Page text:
Paul Martha, the 39-year-old Pittsburgh lawyer who served as a go-between in the final days of the bitter National Football League dispute, had been in periodic touch with union leader Ed Garvey ever since the strike began. And so, it was hardly surprising that Garvey would turn to him for help when all other options seemed to have failed.
A former running back for both the University of Pittsburgh and the Pittsburgh Steelers, Martha could be expected to have a feel for the players' concerns in the dispute, while his ties to the management side almost certainly would earn credibility from the NFL side of the bargaining table.
He also had a good relationship with Dan Rooney, son of the Steelers owner and a member of the NFL Management Council who also is being given much of the credit for helping to settle the dispute.
An employe of the Edward J. DeBartolo Corp., Martha is vice president and general counsel for both the Pittsburgh Penguins of the National Hockey League and the San Francisco 49ers of the NFL, both owned by the DeBartolo concern.
Before signing on with the 49ers, Martha had served as an arbitrator for noninjury NFL grievance cases, and both sides in the labor dispute, which was settled Tuesday after a 57-day strike, were familiar with his style of operation.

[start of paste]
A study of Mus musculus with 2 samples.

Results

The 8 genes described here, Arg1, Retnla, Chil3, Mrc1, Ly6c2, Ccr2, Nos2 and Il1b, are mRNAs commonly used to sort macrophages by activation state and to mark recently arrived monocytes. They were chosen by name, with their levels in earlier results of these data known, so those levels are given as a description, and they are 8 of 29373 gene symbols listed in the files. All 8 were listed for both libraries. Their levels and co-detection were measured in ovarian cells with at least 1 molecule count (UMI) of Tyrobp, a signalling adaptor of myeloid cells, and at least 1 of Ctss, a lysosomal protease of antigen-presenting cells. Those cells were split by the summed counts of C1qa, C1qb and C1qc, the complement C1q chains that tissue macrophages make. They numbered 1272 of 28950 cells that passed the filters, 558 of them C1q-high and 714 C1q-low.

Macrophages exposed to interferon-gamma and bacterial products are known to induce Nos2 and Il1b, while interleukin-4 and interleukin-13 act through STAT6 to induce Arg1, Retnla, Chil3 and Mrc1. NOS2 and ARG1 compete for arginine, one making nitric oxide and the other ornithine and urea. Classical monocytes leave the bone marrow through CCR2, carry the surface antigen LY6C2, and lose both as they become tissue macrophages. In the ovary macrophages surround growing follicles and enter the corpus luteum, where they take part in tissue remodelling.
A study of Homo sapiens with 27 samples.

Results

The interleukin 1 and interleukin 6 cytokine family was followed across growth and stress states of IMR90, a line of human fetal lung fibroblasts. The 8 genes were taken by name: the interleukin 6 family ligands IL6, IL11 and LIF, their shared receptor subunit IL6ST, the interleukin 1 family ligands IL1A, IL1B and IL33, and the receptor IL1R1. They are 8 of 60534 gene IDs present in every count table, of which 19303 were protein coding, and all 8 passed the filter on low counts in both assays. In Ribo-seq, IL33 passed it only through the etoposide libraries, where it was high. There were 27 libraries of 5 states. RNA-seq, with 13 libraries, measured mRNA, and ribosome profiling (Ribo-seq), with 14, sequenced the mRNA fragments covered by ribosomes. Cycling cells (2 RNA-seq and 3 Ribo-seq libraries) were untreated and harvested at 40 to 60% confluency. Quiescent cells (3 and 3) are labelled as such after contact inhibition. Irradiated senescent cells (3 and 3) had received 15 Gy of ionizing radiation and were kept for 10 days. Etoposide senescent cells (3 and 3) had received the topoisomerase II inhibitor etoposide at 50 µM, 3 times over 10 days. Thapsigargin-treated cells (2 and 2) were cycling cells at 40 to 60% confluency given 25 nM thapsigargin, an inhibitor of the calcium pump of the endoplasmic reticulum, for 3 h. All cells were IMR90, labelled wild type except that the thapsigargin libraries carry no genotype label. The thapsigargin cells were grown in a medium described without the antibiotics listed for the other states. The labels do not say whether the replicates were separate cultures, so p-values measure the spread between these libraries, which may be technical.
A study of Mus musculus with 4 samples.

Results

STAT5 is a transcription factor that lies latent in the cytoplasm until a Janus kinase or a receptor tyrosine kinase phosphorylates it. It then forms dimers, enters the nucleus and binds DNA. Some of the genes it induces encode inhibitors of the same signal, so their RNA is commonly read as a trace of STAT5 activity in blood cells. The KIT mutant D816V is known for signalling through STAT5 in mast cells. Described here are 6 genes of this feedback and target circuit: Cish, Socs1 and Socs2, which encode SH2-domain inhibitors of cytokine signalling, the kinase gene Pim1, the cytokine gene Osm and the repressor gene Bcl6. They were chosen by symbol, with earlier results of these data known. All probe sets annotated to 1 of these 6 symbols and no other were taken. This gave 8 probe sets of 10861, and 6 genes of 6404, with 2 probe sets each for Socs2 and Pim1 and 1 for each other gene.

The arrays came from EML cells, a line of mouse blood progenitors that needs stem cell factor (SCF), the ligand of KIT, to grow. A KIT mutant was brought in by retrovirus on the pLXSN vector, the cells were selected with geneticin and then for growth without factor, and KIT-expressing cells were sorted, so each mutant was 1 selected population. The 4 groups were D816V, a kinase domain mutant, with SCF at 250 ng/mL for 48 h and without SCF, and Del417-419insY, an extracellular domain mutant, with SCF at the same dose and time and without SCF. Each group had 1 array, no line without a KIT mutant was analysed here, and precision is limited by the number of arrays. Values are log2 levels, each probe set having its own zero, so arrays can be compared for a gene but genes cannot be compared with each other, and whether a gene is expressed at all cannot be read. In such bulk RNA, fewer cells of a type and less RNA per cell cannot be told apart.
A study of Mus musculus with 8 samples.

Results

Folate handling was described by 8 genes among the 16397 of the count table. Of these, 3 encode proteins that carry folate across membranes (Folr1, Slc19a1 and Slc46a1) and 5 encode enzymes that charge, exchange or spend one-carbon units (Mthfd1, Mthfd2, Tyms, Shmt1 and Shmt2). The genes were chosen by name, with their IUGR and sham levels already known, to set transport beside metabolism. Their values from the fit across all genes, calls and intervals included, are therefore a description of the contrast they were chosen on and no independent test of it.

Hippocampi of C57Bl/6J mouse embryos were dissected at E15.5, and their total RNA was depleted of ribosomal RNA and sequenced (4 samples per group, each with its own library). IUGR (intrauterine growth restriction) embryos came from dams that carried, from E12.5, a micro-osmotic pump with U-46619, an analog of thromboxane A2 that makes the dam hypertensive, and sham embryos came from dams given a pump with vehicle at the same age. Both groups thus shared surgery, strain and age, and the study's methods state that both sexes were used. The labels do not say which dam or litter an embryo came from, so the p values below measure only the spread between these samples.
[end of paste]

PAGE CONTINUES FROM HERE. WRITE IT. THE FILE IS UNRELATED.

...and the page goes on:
Garvey turned to Martha Saturday. He had failed to persuade management negotiators to return to the bargaining table either under the auspices of the Federal Mediation and Conciliation Service or of private mediator Sam Kagel, who had previously been unsuccessful in his attempts to bring about a settlement.
In San Francisco on business, Martha and the negotiators for management and the union spent 12 hours on the telephone Sunday attempting to resolve the dispute, and late Sunday Martha caught the red-eye flight that would put him in New York Monday morning for two final days of thrashing out a settlement.
Martha was used as a means of communication, Rooney said, and "he gave both sides an escape valve. He did a fine job going back and forth, pushing it.
"We both had confidence in him," Rooney told the Associated Press. ". . . . We started to put it together Sunday."
By Monday, it seemed a settlement was near. Suddenly, however, it all fell apart. "The problem was in language," said Rooney. "Each side started saying, 'This is not what we mean.' " That was perhaps the most crucial moment in the strike. And that was when Rooney stepped in.
"On Tuesday morning, we had a two-hour meeting," he said. "That's when we got it back on center." The meeting involved four people. On management's side were Rooney and Jack Donlan. On the union's side were Gene Upshaw and Garvey.
In the afternoon, they were back at it again, with Martha an added starter. Slowly, the pieces began to fall into place.